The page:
Estoril Moto GP: The PUMA Perspective


The undulating circuit, whose layout resembles the Circuit de Catalunya, is named after the coastal resort situated seven kilometres away on Portugal’s south-western coast. This proximity to the Atlantic Ocean gives rise to unpredictable cross winds and stormy weather, which add further to the challenge of competing here.

Despite having the lowest average speed of the Moto GP tracks, the circuit includes ultra-fast sectors, including one of the longest straights of the year and Turn 5, whic is taken at approximately 200 km/h (124 mph).

Rain is forecast for all three days, although the likelihood diminishes as the weekend progresses, so the chances are strong wet rubber will be required during the preliminary runs, with full dry tyres  bolted on for the 28 lap race which starts at 13 00 local time.

Spain’s reigning champion Jorge Lorenzo, riding for Yamaha, leads the title chase after following up his second place in Qatar’s season opener with a win in the streaming Jerez round, so starts as favourite, particularly after winning here last year. But, this venue is considered one of the most unpredictable on the calendar, making foregone until the results are confirmed.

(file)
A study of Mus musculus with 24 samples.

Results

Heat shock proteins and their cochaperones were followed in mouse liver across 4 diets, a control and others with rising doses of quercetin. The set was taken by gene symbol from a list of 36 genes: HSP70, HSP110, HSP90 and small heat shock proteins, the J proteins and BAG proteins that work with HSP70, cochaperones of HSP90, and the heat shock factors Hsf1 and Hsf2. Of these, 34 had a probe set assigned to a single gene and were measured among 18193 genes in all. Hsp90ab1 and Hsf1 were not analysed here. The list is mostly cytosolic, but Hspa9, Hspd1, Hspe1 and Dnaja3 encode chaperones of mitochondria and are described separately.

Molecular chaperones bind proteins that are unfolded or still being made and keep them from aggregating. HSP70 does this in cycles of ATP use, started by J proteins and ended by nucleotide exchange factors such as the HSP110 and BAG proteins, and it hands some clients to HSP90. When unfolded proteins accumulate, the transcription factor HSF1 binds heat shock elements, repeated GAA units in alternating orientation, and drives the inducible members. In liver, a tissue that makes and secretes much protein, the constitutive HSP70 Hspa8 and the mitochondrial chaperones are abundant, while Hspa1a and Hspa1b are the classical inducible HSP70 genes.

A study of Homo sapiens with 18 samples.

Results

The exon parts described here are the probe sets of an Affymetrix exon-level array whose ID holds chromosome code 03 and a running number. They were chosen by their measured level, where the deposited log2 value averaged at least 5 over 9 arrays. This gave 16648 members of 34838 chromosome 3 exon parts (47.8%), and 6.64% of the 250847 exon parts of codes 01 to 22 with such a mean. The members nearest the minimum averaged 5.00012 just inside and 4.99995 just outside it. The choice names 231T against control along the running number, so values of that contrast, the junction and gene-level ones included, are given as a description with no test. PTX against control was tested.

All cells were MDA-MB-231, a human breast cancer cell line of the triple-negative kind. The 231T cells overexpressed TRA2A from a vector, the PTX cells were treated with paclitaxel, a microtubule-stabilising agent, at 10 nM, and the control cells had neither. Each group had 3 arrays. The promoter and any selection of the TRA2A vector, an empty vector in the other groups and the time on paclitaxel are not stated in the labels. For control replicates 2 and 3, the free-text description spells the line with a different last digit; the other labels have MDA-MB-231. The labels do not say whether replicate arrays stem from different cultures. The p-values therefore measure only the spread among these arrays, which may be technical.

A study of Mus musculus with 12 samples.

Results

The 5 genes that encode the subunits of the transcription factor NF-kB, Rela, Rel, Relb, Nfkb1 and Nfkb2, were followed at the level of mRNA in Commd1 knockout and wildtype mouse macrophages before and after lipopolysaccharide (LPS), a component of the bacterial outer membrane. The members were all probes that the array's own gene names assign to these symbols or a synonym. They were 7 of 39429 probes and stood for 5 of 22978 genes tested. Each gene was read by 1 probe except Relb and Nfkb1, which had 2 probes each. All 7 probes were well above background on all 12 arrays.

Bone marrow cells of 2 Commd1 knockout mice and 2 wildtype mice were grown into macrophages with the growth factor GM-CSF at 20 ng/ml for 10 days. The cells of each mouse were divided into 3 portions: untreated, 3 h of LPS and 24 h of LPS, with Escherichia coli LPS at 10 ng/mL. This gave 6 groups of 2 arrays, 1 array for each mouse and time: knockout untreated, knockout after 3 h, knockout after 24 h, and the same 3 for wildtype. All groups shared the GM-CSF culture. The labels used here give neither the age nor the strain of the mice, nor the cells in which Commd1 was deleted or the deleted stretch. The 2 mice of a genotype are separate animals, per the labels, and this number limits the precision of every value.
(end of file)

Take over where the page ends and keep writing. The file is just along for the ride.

Dani Pedrosa is second on the log, but the Spaniard doubts his own fitness after undergoing an operation to a broken shoulder, but the Honda rider can never be discounted. Neither can third-placed man and team-mate Casey Stoner, who took the title for Ducati in 2007.

PUMA’s partner team Ducati heads to Estoril on the back of a comprehensive test session at Mugello, Italy, during which riders Valentino Rossi and Nicky Hayden put heavily reworked versions of the Desmosedici GP11 through their paces while simultaneously testing developments for the 2012 Ducati
MotoGP bike - built around the 1000cc engine regulations which kick in next year.